By Courtesy of David R. Cerbone
By Henry A. Cerbone, Contributing Opinion Writer
Henry A. Cerbone ’23, a special concentrator in Ontology of Autonomous Systems, lives in Adams House. His column "Academic Flotsam" appears on alternate Wednesdays.

“One of the secrets of a happy life is continuous small treats, and if some of these can be inexpensive and quickly procured so much the better.” — Iris Murdoch

As a student at Harvard, one quickly finds that the most important opinion you can have is which dining hall is the best. The selection criteria for this are varied: Some look only at the quality of the food, some the “vibes” of the seating area, and others still how true the dining hall is to an authentic “Harvard feel.” An often-overlooked metric is the style of tray returns. Given that the Houses have all undergone a series of renovations throughout the past several decades, one might, mistakenly, think that a standardized tray return would have emerged.

Alas, in Adams we have a standard conveyor built, seemingly like Lowell’s where there are hooks and a start-stop indexing system. These should not be confused with Quincy’s which is open-air or Dunster’s where you place the tray on a shelf that rotates into the back. This seemingly small feature illustrates a massive difference in engineering solutions throughout the House dining halls.

I have spent many a meal imagining the reason for such differences. The most amusing of these imaginings is that the House Dean or House Restoration Committee of each House had incredibly strong opinions about how the tray returns should be. I imagine angry demonstrations, trays thrown, hooks demanded, shelves balked at. Another reason might be sourced from biologists Gould and Lewontin’s “Spandrel argument.”

For those not acquainted with architecture and/or organismic biology, spandrels are the triangular space between the top of an arch and the rectangular frame. The argument in evolutionary biology was leveraged against the adaptationist program as showing that some characteristics are in fact a byproduct of the evolution of other characteristics or, in the case of spandrels, other architectural decisions. Some might argue that embracing the irrelevant led to Gould and Lewontin’s theory.

This notion of evolutionary, or in our case, engineering byproduct, falls short when digging into the speciation of tray returns at Harvard. It is not clear, after all, whether the designs can be laid in a sequential order, or whether they were influenced by each other in any way. There is a larger question that they bring up in their unimportance: Why on earth are we talking about them?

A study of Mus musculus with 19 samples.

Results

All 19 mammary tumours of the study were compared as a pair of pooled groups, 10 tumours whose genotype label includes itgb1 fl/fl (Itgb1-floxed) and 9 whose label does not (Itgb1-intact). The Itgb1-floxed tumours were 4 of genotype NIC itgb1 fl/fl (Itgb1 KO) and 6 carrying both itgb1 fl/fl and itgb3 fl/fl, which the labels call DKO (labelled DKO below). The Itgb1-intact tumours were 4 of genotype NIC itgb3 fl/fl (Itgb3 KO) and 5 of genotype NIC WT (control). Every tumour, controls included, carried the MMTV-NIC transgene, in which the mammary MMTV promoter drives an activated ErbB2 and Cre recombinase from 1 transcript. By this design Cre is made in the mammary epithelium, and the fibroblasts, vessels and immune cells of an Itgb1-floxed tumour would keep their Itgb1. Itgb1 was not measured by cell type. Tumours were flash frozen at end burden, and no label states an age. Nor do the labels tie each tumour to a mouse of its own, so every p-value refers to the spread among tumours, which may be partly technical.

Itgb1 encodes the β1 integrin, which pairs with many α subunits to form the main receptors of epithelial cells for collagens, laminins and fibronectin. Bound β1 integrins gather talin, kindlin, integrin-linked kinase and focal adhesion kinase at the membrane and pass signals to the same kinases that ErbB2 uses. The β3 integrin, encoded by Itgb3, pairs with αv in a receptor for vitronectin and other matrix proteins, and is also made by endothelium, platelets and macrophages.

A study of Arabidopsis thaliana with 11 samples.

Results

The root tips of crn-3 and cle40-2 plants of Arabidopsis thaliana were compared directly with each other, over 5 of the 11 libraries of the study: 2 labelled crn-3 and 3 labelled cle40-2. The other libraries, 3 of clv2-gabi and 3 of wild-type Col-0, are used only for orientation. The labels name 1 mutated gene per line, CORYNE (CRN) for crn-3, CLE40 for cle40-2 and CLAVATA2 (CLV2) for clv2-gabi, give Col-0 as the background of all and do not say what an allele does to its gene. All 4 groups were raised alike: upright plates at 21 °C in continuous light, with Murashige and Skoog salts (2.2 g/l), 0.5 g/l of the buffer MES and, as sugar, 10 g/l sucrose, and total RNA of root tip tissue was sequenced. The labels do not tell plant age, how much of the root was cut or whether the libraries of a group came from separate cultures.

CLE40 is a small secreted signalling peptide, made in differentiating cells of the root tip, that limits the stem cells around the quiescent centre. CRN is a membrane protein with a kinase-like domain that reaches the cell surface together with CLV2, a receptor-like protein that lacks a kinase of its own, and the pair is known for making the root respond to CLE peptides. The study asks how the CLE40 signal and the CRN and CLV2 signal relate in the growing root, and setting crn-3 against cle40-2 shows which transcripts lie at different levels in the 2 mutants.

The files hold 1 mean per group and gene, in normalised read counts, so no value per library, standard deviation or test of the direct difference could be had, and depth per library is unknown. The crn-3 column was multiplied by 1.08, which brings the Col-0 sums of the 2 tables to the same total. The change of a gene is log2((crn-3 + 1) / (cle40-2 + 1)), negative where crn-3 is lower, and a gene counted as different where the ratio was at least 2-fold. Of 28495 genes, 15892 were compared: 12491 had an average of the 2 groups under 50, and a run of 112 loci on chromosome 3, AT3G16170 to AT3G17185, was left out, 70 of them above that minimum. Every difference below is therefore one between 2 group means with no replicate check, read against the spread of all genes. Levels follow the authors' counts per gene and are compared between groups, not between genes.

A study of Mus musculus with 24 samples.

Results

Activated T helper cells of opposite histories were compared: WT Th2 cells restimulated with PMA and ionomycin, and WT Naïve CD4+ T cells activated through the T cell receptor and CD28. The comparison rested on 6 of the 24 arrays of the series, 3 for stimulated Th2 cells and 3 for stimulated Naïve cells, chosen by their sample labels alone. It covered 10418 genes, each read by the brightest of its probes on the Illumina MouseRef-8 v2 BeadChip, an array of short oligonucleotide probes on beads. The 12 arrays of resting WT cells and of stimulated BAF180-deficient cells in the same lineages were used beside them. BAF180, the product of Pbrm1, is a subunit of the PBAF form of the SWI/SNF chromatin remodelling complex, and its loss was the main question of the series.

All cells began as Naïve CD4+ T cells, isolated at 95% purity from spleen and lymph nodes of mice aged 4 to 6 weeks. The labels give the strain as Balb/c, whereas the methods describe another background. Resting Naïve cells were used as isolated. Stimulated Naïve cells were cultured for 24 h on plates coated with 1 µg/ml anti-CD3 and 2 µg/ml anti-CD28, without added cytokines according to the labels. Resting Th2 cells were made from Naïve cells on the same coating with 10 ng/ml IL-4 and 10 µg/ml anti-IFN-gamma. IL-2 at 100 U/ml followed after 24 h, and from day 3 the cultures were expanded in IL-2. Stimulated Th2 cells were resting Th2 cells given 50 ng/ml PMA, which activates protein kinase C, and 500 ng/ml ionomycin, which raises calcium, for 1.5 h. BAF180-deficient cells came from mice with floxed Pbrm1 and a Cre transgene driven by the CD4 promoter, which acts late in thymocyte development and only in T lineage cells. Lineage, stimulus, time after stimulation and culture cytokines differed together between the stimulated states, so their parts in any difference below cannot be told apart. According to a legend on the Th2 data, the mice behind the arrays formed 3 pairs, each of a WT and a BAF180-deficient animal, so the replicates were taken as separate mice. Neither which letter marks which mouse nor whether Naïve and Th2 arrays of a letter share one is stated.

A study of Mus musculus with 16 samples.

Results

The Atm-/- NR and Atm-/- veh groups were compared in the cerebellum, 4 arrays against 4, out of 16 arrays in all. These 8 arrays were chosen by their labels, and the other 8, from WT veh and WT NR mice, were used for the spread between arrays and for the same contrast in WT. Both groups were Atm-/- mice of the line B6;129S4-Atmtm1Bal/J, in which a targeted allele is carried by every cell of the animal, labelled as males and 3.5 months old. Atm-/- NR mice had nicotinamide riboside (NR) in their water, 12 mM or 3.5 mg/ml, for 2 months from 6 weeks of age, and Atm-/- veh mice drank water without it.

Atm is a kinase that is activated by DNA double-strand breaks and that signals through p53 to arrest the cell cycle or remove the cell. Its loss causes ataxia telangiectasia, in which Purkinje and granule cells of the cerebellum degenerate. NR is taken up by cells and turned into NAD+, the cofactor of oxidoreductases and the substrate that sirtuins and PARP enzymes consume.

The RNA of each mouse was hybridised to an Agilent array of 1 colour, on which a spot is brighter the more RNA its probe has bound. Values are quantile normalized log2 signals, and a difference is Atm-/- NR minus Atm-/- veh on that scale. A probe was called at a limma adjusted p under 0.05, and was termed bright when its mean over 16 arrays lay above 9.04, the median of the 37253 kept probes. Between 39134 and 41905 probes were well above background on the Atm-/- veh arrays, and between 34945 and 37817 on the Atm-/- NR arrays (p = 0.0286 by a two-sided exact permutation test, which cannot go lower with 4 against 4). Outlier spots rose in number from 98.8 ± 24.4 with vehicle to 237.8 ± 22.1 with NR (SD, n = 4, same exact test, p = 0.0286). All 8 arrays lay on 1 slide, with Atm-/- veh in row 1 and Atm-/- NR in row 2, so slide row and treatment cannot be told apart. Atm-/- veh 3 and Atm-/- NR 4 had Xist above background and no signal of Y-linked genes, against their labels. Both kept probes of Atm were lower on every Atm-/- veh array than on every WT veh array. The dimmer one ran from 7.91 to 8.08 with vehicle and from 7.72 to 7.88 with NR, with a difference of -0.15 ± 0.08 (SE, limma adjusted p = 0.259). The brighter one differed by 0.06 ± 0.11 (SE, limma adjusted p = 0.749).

The best reason I can provide is that it is important to notice small things. And not just notice them, but find fascination in them. If you have enough fascination for something, you may even begin to derive joy from observing it. If you are forced to think of the best, funniest conversations that you have had in the past month, the ones where you laughed the hardest; made your friends embarrassed to be sitting with you in the dining hall due to the scene you caused; which ones do you remember most vividly?

I am willing to bet that the memory you will come up with does not involve discussing something serious. There will not be a whiff of interviews, applications, problem sets, relationship drama. Instead, the discussion will have been on how to explain Hegel to kindergarten students (and whether or not they know what a dialectic is). Or a heated debate on whether or not sprinkles are good. Or even, sometimes, just maybe, why there are so many different kinds of tray returns?

Returning to our opening quotation, the goal that Murdoch sets out for us is to find small treats that can quickly be procured. What is more inexpensive and quickly procurable than a discussion with a friend? A, hopefully humorous, shared obsession over something nonsensical. A degree of whimsy is a necessary addition to life might be an apt rephrasing of Murdoch’s advice.

The disagreeable reader may find the advice up to this point to be rather childish. “Let’s get serious!” they might exclaim. To those readers, I ask, have you ever met a child? What happy people! Not yet forced to confront the world with its host of issues. Instead, able to apply rich imaginative faculties to the most mundane of situations: think a rubber ducky and bath time. For those still unconvinced, I ask that you listen to Frank Sinatra’s Young at Heart. He expresses the importance of a childlike view better than I ever could.

The takeaway here is not that you should become obsessed with tray returns. Nor should you develop a staunch opinion on whether Hegel can be taught to kindergarten students. Instead, I hope that you will attempt to find something silly to develop a position towards. Something of not much consequence. This should not be in place of important positions and attitudes, but should act as a calming agent. Something to bring a smile when the day has been spent on more serious matters. An inexpensive, quickly procured treat of your own choosing.

Henry A. Cerbone ’23, a special concentrator in Ontology of Autonomous Systems, lives in Adams House. His column "Academic Flotsam" appears on alternate Wednesdays.